HI there! My name is Mike Langford. I will be working with the Truelytics team as a guest blogger and a bit of a futurist for the industry over the next three months. I will be sharing my perspective on where we are headed, what it means, and how you and your firm should prepare.
Instead of giving you the standard bio stuff, which you can find here, I thought it you might appreciate a more conversational introduction.
What qualifies me to be a futurist for the industry?
Have you ever read something that just sticks with you? I mean it gets burned into the fabric of your consciousness and shapes the way you think? That happened to me very early in my career when I read “The Road Ahead” by Bill Gates. In the book he wrote:
“We always overestimate the change that will occur in the next two years and underestimate the change that will occur in the next ten.”
I graduated college as a member of the last generation of American workers who would enter their adult lives during the pre-internet age. It is hilarious to think back on the fact that my parents sent me off to college in 1990 with an electric typewriter and by 1996 every desktop at Pioneer Investments (my first job out of college) would have email and some were getting web browsers. No one at the time understood the value of employees having web access but by the time I left for State Street Corporation in 1997 everyone was online.
Early in my State Street career I was a vocal advocate for the company, a giant custodial bank and institutional money manager, to take the web seriously. At 26 years old I was having one-on-one meetings with the company’s CFO to share my thoughts on the matter.
When I joined Fidelity Investments in 2000 the race to go digital was on in the industry. My first mission at the company was to focus on channel migration. We had to actively encourage clients to choose the web over calling us on the phone and going to the branch for routine things. With the cost of each phone call ranging between $14 and $20 at the time, the value of serving clients online was easy for everyone to see. Not only would Fidelity save money but clients could take greater control of their investments and do so at a reduced price.
I knew how labor intensive phone operations were, and how routine the requests were from callers, first hand because during college I worked for BFDS answering phone calls for mutual funds clients. Our top requests were “Send me a prospectus” and “Tell me the closing price for xyz fund.” That was 1994 and 1995.
Soon after, I joined the team that brought Active Trader Pro to the world. With online trading taking off it was clear that active traders were a very profitable niche and they wanted more powerful tools.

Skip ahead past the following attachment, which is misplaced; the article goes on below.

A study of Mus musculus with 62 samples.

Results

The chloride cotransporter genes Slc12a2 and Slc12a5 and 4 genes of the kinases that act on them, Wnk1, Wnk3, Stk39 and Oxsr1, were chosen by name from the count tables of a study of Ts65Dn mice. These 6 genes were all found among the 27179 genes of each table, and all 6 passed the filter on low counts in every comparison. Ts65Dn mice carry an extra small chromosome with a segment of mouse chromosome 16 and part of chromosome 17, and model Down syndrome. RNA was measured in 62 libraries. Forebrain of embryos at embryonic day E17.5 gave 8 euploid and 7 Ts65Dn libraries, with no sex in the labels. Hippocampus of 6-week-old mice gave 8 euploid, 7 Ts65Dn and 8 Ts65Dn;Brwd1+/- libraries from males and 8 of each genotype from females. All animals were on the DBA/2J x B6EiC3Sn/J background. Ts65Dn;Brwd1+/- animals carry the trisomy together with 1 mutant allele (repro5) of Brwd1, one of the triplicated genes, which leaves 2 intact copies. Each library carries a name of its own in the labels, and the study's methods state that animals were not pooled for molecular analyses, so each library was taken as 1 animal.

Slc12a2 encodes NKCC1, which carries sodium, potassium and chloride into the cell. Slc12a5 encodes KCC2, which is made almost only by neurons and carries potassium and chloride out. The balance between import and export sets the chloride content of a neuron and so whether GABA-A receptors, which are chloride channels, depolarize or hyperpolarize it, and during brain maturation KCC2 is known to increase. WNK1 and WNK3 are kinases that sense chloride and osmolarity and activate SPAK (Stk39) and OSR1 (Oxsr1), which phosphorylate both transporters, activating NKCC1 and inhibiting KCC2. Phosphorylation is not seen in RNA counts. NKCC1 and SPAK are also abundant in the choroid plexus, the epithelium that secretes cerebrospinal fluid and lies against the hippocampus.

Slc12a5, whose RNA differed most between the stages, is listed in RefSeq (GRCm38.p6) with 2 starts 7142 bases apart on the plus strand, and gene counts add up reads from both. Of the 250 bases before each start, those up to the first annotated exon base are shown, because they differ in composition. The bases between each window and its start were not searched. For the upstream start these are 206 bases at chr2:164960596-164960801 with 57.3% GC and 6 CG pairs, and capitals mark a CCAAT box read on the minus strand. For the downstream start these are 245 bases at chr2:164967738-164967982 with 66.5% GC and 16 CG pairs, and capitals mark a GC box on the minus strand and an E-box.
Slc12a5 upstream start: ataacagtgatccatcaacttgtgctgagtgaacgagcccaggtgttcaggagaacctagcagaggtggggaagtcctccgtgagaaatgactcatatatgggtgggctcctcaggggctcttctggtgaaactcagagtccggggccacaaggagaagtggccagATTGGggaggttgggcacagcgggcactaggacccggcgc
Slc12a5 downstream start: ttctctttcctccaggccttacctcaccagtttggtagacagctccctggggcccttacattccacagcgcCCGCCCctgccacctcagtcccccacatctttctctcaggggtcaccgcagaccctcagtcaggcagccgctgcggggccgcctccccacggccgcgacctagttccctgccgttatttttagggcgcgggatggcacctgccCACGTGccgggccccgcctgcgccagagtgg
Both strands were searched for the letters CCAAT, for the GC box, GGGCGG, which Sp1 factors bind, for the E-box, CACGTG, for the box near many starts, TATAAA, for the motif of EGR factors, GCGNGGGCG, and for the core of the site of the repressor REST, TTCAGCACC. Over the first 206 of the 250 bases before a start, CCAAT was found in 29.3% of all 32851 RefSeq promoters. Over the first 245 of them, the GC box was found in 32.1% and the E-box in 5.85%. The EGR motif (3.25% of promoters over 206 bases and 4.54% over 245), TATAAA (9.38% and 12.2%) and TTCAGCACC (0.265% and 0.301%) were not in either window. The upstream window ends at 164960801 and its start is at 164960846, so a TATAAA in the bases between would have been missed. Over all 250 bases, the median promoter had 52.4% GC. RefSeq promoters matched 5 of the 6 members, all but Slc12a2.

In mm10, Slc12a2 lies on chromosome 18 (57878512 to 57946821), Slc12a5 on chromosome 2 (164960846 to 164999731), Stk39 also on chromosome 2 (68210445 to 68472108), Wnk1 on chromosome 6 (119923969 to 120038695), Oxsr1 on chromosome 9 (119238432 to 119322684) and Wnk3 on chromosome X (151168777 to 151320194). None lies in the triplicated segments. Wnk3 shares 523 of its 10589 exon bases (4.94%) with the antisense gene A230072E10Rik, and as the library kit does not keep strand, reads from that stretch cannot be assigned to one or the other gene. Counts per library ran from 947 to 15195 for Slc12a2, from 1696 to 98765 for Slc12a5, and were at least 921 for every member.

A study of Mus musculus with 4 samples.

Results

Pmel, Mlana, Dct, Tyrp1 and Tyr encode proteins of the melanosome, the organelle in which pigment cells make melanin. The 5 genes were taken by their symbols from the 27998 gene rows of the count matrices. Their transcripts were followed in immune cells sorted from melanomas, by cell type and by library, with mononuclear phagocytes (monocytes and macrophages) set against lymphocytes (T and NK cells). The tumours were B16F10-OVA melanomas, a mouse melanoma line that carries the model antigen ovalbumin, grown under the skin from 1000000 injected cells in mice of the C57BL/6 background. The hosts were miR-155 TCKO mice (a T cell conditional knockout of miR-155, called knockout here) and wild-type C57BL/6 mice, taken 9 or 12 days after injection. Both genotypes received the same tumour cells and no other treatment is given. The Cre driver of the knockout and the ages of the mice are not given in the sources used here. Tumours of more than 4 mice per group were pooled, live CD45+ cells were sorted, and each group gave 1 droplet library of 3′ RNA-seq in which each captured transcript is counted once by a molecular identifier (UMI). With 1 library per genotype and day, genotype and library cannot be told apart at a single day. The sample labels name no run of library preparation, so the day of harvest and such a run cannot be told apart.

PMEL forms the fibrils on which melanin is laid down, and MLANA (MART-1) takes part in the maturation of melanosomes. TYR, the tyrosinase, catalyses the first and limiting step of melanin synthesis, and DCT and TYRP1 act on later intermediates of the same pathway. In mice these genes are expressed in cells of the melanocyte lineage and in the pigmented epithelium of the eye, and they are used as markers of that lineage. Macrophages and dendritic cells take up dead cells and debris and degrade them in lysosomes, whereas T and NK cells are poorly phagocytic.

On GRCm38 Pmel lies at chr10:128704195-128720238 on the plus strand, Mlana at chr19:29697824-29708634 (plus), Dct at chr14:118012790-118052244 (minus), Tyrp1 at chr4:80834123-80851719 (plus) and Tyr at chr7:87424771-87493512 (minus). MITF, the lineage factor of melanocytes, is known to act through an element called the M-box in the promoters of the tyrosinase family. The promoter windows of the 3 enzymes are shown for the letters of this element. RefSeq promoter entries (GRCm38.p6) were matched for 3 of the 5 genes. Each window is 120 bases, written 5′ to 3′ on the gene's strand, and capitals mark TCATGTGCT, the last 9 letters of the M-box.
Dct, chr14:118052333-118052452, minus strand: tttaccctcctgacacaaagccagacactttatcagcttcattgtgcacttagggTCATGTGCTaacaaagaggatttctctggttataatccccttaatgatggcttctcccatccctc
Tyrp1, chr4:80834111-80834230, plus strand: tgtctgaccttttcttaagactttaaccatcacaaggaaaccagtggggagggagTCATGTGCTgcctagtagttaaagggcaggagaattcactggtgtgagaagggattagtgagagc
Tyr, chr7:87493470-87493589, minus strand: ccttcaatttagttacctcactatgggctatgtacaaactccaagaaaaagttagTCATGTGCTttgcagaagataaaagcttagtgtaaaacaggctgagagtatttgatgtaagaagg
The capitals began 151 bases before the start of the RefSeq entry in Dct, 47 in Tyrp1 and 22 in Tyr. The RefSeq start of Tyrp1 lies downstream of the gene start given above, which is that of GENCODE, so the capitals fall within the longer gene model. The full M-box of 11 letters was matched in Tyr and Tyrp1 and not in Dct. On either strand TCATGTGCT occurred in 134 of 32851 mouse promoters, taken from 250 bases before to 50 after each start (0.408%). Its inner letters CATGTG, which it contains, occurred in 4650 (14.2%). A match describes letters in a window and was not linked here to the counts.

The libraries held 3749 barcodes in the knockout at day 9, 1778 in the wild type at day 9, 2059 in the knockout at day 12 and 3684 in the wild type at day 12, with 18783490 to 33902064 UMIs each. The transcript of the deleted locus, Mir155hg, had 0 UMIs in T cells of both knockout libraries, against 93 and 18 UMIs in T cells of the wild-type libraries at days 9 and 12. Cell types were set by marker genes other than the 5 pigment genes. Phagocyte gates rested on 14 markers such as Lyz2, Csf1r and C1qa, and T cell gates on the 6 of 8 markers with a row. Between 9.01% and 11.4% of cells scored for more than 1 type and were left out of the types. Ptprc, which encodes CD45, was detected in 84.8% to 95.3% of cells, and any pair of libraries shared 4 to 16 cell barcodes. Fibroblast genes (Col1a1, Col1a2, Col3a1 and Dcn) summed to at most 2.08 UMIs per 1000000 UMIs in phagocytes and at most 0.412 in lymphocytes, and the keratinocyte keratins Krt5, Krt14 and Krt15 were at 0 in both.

And toward the tail end of my of my Fidelity years something else became clear. Social media was going to change the world. I joined LinkedIn in January of 2004. I was user 176,299 of a service that has grown to over 500 million professionals worldwide. I immediately saw the value and was sold on the promise of the next wave for our industry.
When I left Fidelity to start my own RIA I dove right in using LinkedIn to identify people who changed jobs (money in motion) and leveraging email newsletters and even podcasts. This was 2006 and I was really early on a lot of these things so the results were mixed but I could see I was onto something. Then..I discovered Twitter in 2007.
I’ll admit it, I really enjoy geeking out on new tech and being around innovators. So, when I was at a conference on podcasting and blogging in the fall of 2007 and one of the speakers say “get on Twitter” I jump on it. Then, I did nothing with it for months.
In early 2008 I saw how Twitter affected search rankings (SEO) and drove traffic for one of my clients and I was hooked. And a few months later I founded Tweetworks. The first tool that offered fully threaded conversations and groups for Twitter. I ran the company until the end of 2010 when, sadly, we ran out of money.
Sure, failure stinks but during the short time I ran Tweetworks I met many of the business leaders who have transformed our world as we know it. Many of them are still friends today.
The doors were open for me to a whole new network and access to those pushing the razor’s edge of innovation. After I shut down Tweetworks I moved to Austin and joined Socialware (acquired by Proofpoint) as the head of social strategy. We made it possible for financial advisors, agents, and wholesalers to use social media and remain compliant. My job was to evangelize the power of social media for financial professionals and teach them how it could be used to win new clients, increase share of wallet, and improve client retention.
When I left Socialware I founded finservMarketing and have been spending my time working on strategy for the financial services and FinTech industries ever since. One of my favorite things I get to do as a result is host SoFin @ SXSW each year in March. The event is a half-day, mini conference that kicks off SXSW for the financial folks who fly into town for the big show.
Over the years I have developed a pretty good eye for where things are headed for our industry. I am looking forward to sharing what I see and how I think you can benefit. And most importantly, I am looking forward to hearing what you think.